Giving birth for the first time is incredibly daunting wherever you are. And Fridah Mwari was very unwell during her pregnancy, making the situation even more overwhelming.
Fridah's condition wasn't diagnosed and, not knowing what to do, her husband, Gerald Kimani, panicked and sent her away to her family home to have the baby.
There the local traditional birth attendant told Fridah that if she went to hospital, nurses would beat her, so she had her baby at home.
‘It was not good,’ Fridah said. ‘They didn’t tell me what would happen when I went into labour. They just told me to be brave.’
Fridah was advised against breastfeeding and was told to give her baby daughter Amanda cow's milk. As a result Amanda was underweight as a baby and often sick.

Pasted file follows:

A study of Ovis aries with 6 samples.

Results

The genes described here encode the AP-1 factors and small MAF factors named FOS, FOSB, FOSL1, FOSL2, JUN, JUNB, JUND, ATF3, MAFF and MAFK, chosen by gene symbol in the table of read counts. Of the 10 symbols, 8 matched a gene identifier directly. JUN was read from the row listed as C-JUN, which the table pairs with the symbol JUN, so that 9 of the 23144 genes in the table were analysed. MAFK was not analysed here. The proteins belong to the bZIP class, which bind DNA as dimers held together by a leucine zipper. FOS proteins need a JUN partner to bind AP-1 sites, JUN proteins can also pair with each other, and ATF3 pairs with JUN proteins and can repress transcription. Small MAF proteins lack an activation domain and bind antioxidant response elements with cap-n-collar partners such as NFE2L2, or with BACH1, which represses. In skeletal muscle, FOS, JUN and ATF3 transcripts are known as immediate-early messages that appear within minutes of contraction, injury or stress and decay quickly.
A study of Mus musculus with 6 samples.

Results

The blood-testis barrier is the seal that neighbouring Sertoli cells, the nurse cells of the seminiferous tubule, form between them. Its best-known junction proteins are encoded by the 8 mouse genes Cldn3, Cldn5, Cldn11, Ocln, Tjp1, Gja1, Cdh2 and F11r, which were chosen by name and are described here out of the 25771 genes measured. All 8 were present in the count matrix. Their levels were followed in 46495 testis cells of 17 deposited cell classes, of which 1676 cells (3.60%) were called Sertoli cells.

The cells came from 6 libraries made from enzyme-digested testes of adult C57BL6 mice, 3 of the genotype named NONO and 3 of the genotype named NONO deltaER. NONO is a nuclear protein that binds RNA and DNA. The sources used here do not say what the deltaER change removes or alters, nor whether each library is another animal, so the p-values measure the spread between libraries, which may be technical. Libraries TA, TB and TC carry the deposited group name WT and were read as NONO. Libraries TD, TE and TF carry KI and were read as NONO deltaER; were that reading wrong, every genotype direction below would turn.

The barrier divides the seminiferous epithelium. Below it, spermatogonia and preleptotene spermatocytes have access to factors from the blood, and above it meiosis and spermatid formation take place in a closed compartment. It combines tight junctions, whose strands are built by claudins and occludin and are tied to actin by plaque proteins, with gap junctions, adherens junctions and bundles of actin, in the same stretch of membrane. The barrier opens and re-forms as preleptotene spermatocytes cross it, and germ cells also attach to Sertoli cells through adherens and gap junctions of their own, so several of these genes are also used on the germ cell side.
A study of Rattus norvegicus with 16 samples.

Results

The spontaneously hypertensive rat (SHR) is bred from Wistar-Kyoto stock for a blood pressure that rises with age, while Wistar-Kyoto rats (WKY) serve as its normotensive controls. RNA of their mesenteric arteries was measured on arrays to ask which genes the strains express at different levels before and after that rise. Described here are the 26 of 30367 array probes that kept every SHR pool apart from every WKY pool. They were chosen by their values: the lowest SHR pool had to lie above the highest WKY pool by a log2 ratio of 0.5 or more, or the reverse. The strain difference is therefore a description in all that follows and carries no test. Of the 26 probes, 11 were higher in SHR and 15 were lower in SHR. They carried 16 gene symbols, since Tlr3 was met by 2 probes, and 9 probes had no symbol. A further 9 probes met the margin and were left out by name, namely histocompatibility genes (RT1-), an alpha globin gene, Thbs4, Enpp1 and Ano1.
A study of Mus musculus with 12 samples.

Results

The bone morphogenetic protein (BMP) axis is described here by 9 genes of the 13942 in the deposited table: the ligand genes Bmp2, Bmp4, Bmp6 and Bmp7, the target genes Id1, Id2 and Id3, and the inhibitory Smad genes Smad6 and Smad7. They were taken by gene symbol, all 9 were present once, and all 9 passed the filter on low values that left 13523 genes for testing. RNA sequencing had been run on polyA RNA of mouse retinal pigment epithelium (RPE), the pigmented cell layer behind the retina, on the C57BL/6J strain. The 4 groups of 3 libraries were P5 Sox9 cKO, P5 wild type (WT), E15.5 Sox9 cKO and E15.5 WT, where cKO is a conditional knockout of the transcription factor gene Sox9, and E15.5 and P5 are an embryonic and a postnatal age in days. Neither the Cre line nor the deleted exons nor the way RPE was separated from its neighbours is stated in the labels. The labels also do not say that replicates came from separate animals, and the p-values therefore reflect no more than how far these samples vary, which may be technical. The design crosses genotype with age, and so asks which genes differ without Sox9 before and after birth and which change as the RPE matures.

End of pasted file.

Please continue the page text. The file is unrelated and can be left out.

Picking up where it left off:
Fridah was desperate for some advice. When she became pregnant for the second time, she joined the local mother-to-mother support group, set up by our partner.
She was encouraged to attend regular antenatal check-ups. It was then that she discovered she suffers from a condition that causes very high blood pressure, putting her and the baby at risk.
Her second baby, Steve, was born four weeks early in hospital by caesarean section and spent a month in an incubator.
If he’d been born at home, like Amanda, he probably would have died, and Fridah’s life would also have been in serious danger.
Gerald wanted to help his wife so he started going to father-to-father groups to learn about the importance of healthcare and living in harmony with his wife.
He said: ‘Before Fridah and I were talking but only a little. Now I see she is a human being and this is her house and our home. I am very happy now. It’s very nice to be close to my children.’
Amanda, now five-years-old, and her little brother Steve are both happy and healthy. Fridah and Gerald are a couple transformed.